The misguided backlash to the Senate advancing gay marriage legislation

If people want to get the government out of marriage altogether, I’m all for it. But don’t use that as an excuse to block people’s rights in the meantime.

This week, 12 Senate Republicans voted to advance the Respect For Marriage Act, essentially ensuring it will eventually become law. The law enshrines gay marriage into federal law and requires states to honor gay marriages conducted in other states.

This is great news for the millions of LGBT Americans who felt their marriages, or future marriages, were in jeopardy after Roe v. Wade was overturned by the US Supreme Court earlier this year. That fear was not altogether justifiable, as my BASEDPolitics colleague Brad Polumbo explained here. But, the court decision that legalized gay marriage across the country (Obergefell) was based on shaky legal foundations, and such decisions really should be made by the legislature and not the courts. Courts rule on the constitutionality of laws, they aren’t meant to make the laws. 

Therefore, it is good and proper that Congress is actually doing its job for once and passing legislation to codify the rights of gay Americans to access marriage, so that if Obergefell is ever overturned, the rights of these individuals will not be overturned with it. 

Not only that, but the Respect for Marriage Act is a pretty solid bill. It goes to great lengths to ensure religious liberty is still upheld (aka that pastors and churches cannot be attacked for choosing to not participate in same sex marriages), and it basically just ensures the 14th Amendment—which demands equal treatment of the law—is upheld.

Make no mistake, marriage is a right. The government has no business determining which classes of people may be married, especially when it also confers special privileges for marriage. But, the actions of these 12 Republicans were still unfortunately met with a decent amount of backlash from socially-conservative circles.

The increasingly populist and nationalist think tank, the Heritage Foundation, went on the attack over the issue.

These are largely the dying cries of an ideology that few hold to anymore. The country is thankfully pretty based on individual liberty in most instances, and on this one in particular, over 70% of Americans support marriage equality.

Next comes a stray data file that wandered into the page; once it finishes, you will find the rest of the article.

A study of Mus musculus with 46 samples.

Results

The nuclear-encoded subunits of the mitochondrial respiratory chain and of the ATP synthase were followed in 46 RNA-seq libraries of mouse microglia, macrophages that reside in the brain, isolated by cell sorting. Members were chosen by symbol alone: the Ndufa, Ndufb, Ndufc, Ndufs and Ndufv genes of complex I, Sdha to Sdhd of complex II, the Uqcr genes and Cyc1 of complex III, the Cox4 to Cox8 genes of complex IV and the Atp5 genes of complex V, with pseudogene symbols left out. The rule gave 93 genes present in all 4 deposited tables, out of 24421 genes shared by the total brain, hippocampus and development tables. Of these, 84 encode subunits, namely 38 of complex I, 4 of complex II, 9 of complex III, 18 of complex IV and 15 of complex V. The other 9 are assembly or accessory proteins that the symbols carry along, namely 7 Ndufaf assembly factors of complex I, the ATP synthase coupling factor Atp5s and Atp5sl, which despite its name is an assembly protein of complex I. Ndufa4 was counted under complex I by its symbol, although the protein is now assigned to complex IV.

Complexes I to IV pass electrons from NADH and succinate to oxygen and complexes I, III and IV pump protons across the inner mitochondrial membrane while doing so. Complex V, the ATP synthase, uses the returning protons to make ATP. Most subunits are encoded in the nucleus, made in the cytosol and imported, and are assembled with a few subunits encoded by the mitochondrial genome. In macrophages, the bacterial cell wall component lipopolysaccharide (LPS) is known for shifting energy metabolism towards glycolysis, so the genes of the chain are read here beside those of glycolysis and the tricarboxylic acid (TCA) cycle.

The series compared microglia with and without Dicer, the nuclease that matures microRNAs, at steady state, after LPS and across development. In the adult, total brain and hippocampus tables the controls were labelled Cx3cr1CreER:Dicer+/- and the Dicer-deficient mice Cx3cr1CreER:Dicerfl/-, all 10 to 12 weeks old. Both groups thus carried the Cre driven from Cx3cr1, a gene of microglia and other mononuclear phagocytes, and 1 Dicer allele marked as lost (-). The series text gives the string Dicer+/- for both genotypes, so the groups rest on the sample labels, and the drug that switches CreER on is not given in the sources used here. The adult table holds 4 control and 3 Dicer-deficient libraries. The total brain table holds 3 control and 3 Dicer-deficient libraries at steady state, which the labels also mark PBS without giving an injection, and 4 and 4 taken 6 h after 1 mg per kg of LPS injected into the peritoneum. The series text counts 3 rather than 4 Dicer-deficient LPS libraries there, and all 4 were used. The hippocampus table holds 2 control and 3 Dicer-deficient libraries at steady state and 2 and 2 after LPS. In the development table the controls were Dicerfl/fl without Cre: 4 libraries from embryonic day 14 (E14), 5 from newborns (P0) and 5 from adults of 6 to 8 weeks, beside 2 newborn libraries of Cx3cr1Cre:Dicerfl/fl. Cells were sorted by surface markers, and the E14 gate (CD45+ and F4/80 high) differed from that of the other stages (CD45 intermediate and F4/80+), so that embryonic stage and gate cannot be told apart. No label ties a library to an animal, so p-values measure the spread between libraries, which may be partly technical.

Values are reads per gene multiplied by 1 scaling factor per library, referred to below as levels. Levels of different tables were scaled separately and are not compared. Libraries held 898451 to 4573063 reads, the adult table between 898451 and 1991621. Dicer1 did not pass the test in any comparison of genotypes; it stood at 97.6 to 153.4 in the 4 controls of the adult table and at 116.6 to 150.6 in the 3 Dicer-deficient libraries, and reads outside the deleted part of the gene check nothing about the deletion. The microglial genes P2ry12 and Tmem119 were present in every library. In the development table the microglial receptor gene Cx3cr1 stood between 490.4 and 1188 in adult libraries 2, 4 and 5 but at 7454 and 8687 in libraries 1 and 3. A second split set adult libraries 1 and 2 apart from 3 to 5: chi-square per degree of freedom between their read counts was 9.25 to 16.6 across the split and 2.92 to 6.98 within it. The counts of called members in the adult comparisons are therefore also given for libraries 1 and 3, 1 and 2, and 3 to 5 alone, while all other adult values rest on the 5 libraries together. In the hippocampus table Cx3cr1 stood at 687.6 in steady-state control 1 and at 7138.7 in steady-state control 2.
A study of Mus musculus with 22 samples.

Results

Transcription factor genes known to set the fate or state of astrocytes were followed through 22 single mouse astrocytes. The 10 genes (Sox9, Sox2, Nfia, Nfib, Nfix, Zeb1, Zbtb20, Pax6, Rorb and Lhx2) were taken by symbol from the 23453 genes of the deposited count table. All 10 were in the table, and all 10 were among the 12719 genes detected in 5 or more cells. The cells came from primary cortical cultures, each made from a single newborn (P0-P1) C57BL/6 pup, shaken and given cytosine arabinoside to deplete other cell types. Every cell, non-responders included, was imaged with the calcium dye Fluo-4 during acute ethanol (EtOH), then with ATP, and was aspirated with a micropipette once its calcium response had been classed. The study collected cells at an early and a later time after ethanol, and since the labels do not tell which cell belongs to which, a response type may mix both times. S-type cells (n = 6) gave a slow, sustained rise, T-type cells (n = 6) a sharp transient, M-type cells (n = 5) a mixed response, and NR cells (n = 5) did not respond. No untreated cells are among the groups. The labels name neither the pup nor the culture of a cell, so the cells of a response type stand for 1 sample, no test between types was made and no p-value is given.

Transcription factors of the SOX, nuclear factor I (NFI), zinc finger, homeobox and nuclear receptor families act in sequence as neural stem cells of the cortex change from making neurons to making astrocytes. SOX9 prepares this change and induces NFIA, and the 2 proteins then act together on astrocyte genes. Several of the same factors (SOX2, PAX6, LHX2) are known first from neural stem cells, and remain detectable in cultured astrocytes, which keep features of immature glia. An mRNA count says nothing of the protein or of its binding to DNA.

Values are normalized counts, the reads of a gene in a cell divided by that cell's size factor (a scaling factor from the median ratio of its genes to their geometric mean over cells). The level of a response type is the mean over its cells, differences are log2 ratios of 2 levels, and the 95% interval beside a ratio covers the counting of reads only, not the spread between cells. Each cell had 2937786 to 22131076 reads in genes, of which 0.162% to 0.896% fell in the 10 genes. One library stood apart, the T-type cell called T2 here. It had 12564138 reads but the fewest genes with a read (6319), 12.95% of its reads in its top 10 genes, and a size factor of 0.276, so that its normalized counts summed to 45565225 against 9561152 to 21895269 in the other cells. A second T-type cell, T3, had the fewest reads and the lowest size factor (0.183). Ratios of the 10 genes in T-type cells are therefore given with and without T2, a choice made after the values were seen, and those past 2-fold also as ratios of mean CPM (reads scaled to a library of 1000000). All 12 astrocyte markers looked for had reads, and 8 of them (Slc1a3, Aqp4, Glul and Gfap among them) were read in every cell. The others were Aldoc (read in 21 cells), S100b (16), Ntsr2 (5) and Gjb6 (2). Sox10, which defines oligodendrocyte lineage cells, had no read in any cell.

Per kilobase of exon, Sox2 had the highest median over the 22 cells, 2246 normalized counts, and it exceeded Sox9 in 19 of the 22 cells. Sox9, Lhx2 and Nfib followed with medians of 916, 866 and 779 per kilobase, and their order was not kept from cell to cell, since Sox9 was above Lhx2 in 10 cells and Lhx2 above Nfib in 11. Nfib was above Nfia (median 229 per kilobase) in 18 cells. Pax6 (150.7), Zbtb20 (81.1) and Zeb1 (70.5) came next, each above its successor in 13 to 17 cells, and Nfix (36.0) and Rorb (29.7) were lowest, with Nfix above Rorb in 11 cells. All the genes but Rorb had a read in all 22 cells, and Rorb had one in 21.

But a far more common reaction to this bill came from libertarians who have long argued the government should not be involved in marriage to begin with.

I don’t disagree with this sentiment. The government shouldn’t be determining who gets married at all. Marriage is traditionally a religious sacrament which should not be mixed with government. I frankly find it unethical that the government has inserted itself into this institution, and moreover, that it confers special privileges on people who enter it. 

Why should the government treat and tax people differently based on their marital status? It obviously should not. Plus, by entering the picture as it has, the government has made it more expensive, and it has threatened the First Amendment and its religious liberty protections.

Churches should be in charge of determining who they want to marry. And if you aren’t religious, there would be no need for marriage were it not for the government granting special privileges for it. Do you see how they created a serious conflict between religion and individual rights here?

But all that being said, I also find it a bit disingenuous that people only seem to raise the issue of getting the government out of marriage on the one day a year we’re talking about treating gay people equally under the current laws. Sunday through Saturday, literally every other week of the year, you won’t see this brought up, nor will you see a finger lifted to get us there. There’s no group seriously working towards this end and no serious campaigns to overturn marriage laws outright.

As long as the laws exist, people must be treated equally under them. I actually find this to be even more true when the law is bad, like in this case or when applied to something like the draft. The more people who are negatively impacted by a bad law, the more motivation there will be to get rid of it.

If people want to get the government out of marriage altogether, I’m all for it. But don’t use that as an excuse to block people’s rights in the meantime.

Hannah Cox
Hannah Cox is a libertarian-conservative writer and co-founder of BASEDPolitics. She's also the host of the BASEDPolitics podcast and an experienced political activist.